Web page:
Friday, November 20, 2009
The Danger of "Quiet" Times
We are all Gnostics to some degree, perennially inclined to favor the spirit over the body, preferring isolation to community, and prone to reduce our religion to "right-thinking" devoid of loving deeds. But God likes matter. He created it. And He likes community. He created that too.
In fact, He likes them so much that He has eternally joined Himself to human flesh so that He can live in community with mankind forever.
For those of you silently objecting to the charge of Gnosticism right now I have an observation and a question. Firstly, why are you objecting silently? Why aren't you railing at your computer screen out-loud? And secondly, when you pray alone, do you do so silently or vocally? Do you pray with or without the body that God has given you?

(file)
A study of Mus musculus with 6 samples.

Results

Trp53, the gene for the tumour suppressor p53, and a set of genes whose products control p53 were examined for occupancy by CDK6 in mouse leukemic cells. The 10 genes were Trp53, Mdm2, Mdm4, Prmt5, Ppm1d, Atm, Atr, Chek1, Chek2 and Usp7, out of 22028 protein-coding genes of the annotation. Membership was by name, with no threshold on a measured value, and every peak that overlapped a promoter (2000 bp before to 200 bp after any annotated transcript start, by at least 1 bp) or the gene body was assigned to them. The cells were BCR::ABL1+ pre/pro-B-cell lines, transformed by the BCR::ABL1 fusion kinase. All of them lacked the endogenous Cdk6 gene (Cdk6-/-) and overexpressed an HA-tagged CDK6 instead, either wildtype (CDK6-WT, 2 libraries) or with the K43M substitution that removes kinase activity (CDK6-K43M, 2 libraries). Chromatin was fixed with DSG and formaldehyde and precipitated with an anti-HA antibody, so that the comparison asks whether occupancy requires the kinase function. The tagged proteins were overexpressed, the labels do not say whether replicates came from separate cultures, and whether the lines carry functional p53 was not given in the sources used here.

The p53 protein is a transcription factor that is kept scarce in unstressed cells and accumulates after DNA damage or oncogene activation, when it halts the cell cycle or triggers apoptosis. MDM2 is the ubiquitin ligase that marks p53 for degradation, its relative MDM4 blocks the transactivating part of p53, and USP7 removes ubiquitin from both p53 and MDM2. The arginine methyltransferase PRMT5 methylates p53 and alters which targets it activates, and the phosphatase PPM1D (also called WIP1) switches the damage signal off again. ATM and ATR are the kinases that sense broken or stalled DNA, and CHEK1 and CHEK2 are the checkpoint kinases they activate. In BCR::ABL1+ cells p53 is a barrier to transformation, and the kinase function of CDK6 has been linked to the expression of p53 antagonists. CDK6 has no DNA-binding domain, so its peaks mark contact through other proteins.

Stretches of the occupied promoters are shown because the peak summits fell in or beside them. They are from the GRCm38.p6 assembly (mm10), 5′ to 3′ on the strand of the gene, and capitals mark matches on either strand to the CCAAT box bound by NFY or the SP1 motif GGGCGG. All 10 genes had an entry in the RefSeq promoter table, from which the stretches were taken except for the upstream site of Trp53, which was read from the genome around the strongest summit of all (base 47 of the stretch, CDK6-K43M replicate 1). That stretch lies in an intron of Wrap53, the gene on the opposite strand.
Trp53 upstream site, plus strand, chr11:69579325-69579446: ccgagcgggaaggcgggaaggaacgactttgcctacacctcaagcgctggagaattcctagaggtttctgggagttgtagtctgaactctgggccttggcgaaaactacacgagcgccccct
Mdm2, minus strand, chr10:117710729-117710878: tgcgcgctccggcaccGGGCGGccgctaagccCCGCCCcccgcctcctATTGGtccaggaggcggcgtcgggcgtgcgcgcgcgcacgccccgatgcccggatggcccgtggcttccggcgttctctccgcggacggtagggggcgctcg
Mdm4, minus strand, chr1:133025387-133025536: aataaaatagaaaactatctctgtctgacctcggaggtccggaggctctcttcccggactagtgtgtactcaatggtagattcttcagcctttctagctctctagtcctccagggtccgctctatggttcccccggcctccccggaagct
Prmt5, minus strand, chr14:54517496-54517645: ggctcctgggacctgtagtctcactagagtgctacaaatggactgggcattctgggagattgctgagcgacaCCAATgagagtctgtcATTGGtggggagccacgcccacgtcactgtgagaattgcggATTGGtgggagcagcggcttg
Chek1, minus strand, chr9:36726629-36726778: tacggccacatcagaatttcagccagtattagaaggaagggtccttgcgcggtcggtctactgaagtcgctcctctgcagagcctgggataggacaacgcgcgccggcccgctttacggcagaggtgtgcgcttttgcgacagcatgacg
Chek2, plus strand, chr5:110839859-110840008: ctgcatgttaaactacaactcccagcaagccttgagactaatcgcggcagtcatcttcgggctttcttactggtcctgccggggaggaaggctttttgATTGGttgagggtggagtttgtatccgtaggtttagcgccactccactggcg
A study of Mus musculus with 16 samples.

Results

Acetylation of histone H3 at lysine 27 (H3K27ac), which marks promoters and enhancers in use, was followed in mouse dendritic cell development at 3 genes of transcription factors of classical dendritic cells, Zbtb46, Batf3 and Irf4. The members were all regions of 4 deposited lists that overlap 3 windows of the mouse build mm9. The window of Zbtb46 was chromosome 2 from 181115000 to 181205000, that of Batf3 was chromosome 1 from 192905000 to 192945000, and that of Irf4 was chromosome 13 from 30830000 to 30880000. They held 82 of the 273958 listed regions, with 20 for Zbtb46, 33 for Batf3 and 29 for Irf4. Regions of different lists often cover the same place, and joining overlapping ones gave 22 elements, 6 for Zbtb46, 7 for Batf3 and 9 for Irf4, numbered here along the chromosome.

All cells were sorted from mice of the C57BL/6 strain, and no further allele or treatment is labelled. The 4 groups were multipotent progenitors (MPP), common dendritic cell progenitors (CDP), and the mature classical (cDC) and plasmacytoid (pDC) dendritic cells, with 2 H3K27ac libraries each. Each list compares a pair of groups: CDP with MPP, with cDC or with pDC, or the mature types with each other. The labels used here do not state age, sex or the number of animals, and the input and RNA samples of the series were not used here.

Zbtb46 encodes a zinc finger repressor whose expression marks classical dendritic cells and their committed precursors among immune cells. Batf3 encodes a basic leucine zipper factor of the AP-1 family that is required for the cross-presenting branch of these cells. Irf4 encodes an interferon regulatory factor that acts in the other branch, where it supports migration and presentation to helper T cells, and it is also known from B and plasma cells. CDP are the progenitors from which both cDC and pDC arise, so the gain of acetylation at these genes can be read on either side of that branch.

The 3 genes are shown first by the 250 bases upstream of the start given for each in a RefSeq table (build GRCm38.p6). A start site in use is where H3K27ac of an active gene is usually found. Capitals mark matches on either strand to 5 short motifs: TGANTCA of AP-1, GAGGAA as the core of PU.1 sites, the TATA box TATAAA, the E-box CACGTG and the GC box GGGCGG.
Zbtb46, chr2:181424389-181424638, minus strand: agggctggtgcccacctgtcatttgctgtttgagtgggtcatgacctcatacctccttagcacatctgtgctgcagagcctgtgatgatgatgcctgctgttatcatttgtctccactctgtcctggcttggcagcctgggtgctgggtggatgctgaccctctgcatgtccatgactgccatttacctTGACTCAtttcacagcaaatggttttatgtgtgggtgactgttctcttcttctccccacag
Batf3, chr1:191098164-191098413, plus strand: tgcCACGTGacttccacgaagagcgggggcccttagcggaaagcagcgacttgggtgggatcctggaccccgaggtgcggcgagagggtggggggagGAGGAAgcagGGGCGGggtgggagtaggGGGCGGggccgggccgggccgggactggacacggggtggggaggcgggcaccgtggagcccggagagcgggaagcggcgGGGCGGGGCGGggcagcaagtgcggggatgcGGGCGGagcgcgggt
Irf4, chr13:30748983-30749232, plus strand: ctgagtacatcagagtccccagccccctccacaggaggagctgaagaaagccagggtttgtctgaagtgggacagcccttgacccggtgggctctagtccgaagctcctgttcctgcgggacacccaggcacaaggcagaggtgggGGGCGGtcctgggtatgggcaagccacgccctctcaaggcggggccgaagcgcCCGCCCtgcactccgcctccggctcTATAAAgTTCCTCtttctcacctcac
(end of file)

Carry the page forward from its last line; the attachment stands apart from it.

As Justin Taylor observes here there really is no Biblical warrant for silent prayer. The psalmists, prophets and even Jesus himself prayed spirit and body.
Is it mere coincidence that that vibrant, communal, public, service-oriented religion is waning at the same time that "Quiet Times" are held in such high esteem? I think not. As our fathers-in-the-faith noted, "Lex orandi, lex credendi" (The law of prayer is the law of faith.) In other words, how we pray shapes what we believe and ultimately how we live. This is no trifling matter.
So stop praying silently like Socrates, and start praying vocally like David and Daniel. Turn your quiet-times into noisy -times; daily discipling yourself to love the Lord your God with all of your heart, mind, soul and strength.